Hi everyone - Drew Austin here, returning as guest editor for this week's issue. If you enjoy this edition, feel free to check out my own Prepared-adjacent newsletter, Kneeling Bus, where I write about technology and cities (or follow me on Twitter).
Kevin Slavin gave a prescient talk in 2011 about how algorithms shape the physical world, describing how high-frequency financial trading led Wall Street firms to fill hollowed-out skyscrapers with server stacks and connect far-flung cities with massive fiberoptic cables. In the talk, Slavin observes that “We’re actually terraforming the earth itself with this kind of algorithmic efficiency.” He goes on to describe algorithms as a third co-evolutionary force in the world, working in collaboration with both humans and nature. As insightful as Slavin's talk is, it already feels like a message from a bygone era: We’ve spent the last decade learning, often the hard away, about algorithms’ influence on everything imaginable. They still don’t feel like part of nature though.
Inventor Danny Hillis said that “technology is everything that doesn’t work yet,” which also implies that what has become invisible or natural reappears to us as technology once it breaks. Back in 2011, maybe, it was actually easier than it is now to think of algorithms as part of nature, because we hadn’t witnessed as many large-scale, consequential algorithmic failures yet. And in fact, algorithms have always accompanied human society; the analog kind are just simpler and more tangible. A cooking recipe is an algorithm. If the word “algorithm" today feels overused, and like a scapegoat for everything threatening and non-transparent about software, maybe that’s just because the concept became more necessary once algorithms overreached and started breaking.
The most clicked link in last week's issue (~22% of opens) was the pictures of Spencer's new workshop.
Architecture & Planning.
- The 1960s ideology that inspired and influenced the SimCity game, Jay Forrester's libertarian Urban Dynamics. The same text that "reduced the problems of the city to a series of 150 equations and 200 parameters" also enabled the Nixon administration to argue that welfare recipients would benefit from cuts to the welfare programs themselves.
- A critique of Sidewalk Toronto as a "a colonial experiment in algorithmic utopian citybuilding."
- Computational Landscape Architecture: "The possibility that we might someday begin landscaping our suburbs, our corporate campuses, our urban business parks, according to which species of vegetation are less likely to block WiFi." (Also linked in the post: Using WiFi to "see" behind closed doors is easier than anyone thought.)
Computers & People.
- The evolution of Google Maps and the uneasy relationships between digital platforms and physical geography. After the launch of Google Maps, "the network became the vantage point for mapping the world. In so doing, it became a means through which the network could perpetually mediate the world while the network itself became harder and harder to map and comprehend."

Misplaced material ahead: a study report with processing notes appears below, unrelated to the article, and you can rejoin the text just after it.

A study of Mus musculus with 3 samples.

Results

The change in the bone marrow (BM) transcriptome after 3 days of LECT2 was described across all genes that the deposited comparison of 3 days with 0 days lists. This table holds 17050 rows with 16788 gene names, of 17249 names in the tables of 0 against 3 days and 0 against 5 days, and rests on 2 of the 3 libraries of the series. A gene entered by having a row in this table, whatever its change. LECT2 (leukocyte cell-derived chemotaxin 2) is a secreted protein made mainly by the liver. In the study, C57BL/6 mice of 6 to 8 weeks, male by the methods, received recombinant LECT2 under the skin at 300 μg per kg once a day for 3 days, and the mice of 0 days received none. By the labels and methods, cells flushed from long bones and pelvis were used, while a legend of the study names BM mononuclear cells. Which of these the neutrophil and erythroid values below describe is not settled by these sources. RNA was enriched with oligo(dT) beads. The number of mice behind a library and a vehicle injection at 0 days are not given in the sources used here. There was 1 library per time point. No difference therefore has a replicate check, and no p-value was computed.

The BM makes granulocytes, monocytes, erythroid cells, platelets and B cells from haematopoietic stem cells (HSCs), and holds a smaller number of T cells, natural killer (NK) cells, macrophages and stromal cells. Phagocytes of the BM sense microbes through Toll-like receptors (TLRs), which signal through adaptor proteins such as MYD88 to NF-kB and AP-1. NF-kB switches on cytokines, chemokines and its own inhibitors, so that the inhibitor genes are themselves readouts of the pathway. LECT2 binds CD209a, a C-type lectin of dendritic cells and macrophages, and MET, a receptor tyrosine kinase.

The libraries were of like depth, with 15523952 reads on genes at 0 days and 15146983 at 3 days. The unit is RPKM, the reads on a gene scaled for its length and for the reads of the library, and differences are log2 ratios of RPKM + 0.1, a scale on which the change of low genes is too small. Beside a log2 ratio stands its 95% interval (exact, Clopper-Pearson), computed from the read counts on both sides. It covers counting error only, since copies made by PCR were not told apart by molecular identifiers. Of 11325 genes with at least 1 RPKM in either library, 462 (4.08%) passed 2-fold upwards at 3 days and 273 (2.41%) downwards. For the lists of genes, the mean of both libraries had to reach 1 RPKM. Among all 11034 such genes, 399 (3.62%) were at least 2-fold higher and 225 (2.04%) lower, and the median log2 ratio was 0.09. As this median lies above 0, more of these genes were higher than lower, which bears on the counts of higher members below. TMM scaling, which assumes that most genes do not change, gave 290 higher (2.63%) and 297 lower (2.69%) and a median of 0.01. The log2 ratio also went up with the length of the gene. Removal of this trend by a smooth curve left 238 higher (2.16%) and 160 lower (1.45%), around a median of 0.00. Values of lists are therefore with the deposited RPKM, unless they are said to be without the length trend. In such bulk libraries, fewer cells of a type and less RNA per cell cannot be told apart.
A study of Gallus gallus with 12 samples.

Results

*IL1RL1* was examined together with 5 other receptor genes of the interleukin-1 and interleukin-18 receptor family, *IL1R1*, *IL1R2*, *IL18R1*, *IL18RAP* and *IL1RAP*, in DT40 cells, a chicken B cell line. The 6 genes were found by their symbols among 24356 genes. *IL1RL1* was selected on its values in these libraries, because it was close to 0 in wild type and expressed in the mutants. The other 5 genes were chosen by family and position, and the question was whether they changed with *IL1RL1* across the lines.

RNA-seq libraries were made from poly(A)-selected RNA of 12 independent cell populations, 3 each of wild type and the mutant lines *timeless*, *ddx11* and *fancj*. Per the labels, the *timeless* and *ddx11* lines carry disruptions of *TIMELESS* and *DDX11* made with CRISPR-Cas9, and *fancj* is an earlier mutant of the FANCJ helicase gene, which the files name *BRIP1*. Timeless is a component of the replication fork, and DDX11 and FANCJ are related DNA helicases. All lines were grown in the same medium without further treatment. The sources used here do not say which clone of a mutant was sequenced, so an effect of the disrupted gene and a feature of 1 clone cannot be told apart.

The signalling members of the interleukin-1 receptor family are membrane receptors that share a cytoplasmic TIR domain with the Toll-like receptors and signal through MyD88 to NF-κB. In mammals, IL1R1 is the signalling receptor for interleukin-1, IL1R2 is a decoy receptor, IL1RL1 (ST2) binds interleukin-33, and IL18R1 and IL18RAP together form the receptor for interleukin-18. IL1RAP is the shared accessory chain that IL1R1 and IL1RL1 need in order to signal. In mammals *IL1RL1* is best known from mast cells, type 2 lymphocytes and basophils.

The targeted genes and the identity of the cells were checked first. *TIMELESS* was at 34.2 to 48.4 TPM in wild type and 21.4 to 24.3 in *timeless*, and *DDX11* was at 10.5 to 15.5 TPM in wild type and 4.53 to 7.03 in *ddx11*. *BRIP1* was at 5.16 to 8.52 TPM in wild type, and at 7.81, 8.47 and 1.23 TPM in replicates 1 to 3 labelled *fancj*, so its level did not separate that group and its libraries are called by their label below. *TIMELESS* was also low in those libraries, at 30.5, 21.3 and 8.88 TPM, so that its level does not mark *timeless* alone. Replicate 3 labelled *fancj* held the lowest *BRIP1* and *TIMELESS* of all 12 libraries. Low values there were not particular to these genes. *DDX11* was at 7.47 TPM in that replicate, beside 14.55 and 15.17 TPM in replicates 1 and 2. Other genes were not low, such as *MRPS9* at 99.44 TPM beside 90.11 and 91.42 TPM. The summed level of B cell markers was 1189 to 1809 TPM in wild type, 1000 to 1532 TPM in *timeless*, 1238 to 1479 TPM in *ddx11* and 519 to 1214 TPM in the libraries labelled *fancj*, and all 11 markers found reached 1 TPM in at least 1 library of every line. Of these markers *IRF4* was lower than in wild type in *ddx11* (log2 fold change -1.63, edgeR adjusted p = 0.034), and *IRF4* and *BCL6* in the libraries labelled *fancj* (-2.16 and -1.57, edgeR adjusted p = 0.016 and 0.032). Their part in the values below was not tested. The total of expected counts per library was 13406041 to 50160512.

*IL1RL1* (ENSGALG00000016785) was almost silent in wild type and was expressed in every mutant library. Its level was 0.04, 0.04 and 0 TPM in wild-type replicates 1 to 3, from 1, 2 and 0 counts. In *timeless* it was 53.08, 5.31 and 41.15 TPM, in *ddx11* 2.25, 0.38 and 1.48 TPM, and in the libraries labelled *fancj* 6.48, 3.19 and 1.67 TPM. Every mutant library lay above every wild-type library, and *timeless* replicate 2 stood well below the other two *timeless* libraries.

- Why CAPTCHAs have gotten so difficult and the arms race between bots and people.
Transportation & Infrastructure.
- A solid TransitCenter report on transit ridership trends in the United States. Unsurprisingly, the private car is still transit's strongest competitor: Transit riders are taking few transit trips on average, while driving has increased and "car trips unambiguously replace trips on transit and other modes of travel."
- A fun historical review of twentieth-century precursors to today's micromobility revolution: "larger-than-a-scooter-but-smaller-than-a-car vehicles" like L'Oeuf Electrique (The Electric Egg) and the Piaggio Ape.
- Due to a Bluetooth module flaw, a popular electric scooter model can be hacked to suddenly accelerate or brake mid-ride (the feature was meant to enable remote locking of the vehicle).
Distribution & Logistics.
- A fantastic speculative essay about how the declining costs and increasing speed of shipping could replace ownership (as we know it) with the physical equivalent of streaming media. "The express arrival of any object missing from your life with a minimum of effort could make it increasingly possible to live as though you already own everything."
- A Russian startup wants to put billboards into low-earth orbit, obviously to the chagrin of astronomers and the International Dark-Sky Association. See also: a Windows 98 error message hovering in the Ukrainian night sky.
- Play Tetris with Soviet-style housing blocks. "A playful tribute to a not so playful reality of monotonous and bleak cityscapes built out of same prefabricated concrete blocks."
- Fyre Ipsum: a text generator that aids in the formatting of visual layouts by filling them in with paragraphs from the original Fyre Festival pitch deck.